Looking for a final summer read? Try Phantom Prey

Phantom Prey

Phantom Prey
by John Sandford
McNaughton Collection, 2nd floor

This just might be my last review for “summer reading,” since classes start very soon (I refuse to think in more specific numbers). I’m back to series reading again, but this time it’s a series by a male author. I’ve been reading John Sandford’s “Prey” series for years, and have been anxiously waiting to read this latest one. When I finally got the chance, I found it to be…not bad.

Lucas Davenport is the star of the series, which is set in Minneapolis. He started out way back in the beginning as dark and dangerous—he followed his own path, solved crimes, had lots of love affairs. Over the years he’s matured and changed and is now a family man. Frankly, I preferred him the way he used to be, but oh, well.

This latest book has Davenport looking for a killer (or killers, we don’t know) who is viciously stabbing people involved in the Minneapolis Goth community. All seem connected in some way to the disappearance of Frances Austin, the crime Davenport is originally recruited to solve.

The main reason I found this book only “not bad” is because the author reveals the killer/killers (to the reader, not the police) about halfway through the book, and for some reason that made the rest of the book anti-climactic.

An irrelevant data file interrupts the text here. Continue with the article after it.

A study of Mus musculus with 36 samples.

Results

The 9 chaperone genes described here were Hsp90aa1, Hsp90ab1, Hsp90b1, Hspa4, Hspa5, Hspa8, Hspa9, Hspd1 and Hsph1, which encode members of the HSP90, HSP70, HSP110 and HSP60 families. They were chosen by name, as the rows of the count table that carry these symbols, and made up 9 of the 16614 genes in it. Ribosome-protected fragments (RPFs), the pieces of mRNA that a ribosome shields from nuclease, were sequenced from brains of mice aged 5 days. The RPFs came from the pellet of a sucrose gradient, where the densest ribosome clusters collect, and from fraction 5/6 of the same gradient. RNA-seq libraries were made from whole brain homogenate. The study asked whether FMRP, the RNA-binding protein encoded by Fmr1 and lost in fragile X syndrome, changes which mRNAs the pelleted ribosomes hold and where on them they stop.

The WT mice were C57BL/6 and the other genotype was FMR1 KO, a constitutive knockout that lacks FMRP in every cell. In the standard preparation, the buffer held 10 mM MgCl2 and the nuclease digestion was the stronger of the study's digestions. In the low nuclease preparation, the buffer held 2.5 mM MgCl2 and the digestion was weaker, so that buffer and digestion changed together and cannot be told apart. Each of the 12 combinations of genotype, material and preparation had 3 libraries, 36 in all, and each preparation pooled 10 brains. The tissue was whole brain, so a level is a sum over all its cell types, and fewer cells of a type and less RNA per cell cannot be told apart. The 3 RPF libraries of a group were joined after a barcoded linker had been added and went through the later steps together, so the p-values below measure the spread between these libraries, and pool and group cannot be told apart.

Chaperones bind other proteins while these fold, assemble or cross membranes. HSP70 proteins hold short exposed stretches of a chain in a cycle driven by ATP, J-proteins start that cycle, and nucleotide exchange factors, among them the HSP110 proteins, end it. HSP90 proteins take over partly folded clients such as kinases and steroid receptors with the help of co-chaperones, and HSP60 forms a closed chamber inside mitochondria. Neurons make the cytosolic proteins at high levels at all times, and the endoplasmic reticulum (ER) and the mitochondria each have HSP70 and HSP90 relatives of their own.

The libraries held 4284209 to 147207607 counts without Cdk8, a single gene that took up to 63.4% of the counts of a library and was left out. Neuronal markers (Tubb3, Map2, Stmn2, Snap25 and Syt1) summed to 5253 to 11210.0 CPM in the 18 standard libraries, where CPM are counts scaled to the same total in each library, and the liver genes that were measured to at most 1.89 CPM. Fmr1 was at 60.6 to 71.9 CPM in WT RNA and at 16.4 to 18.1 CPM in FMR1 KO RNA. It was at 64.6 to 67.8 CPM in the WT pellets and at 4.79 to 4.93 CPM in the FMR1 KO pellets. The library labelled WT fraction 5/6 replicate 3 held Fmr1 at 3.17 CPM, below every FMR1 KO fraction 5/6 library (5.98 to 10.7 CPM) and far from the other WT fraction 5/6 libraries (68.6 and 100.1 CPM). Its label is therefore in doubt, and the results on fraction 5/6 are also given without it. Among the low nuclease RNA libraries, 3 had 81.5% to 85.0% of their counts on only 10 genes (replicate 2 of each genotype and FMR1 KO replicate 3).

Like the J. D. Robb “Death” series I blogged about a few weeks ago (see our blog archives), I find the books in the “Prey” series hard to keep straight due to very similar titles (Invisible Prey, Broken Prey, all the way back to the first book, Rules of Prey). Most of them can be read out of order, but there are a few titles with recurring criminals. The complete list of books and their synopses can be found on the author’s web site. The University Library has five of the series titles in our Main Collection and two more—including this one—in the McNaughton Collection. All seven can be found using the library’s online catalog, or by asking a reference librarian.

Give this series a try. Lots of action, great characters, all set in locales you may have visited (or even lived in) yourself. Enjoy the rest of your summer!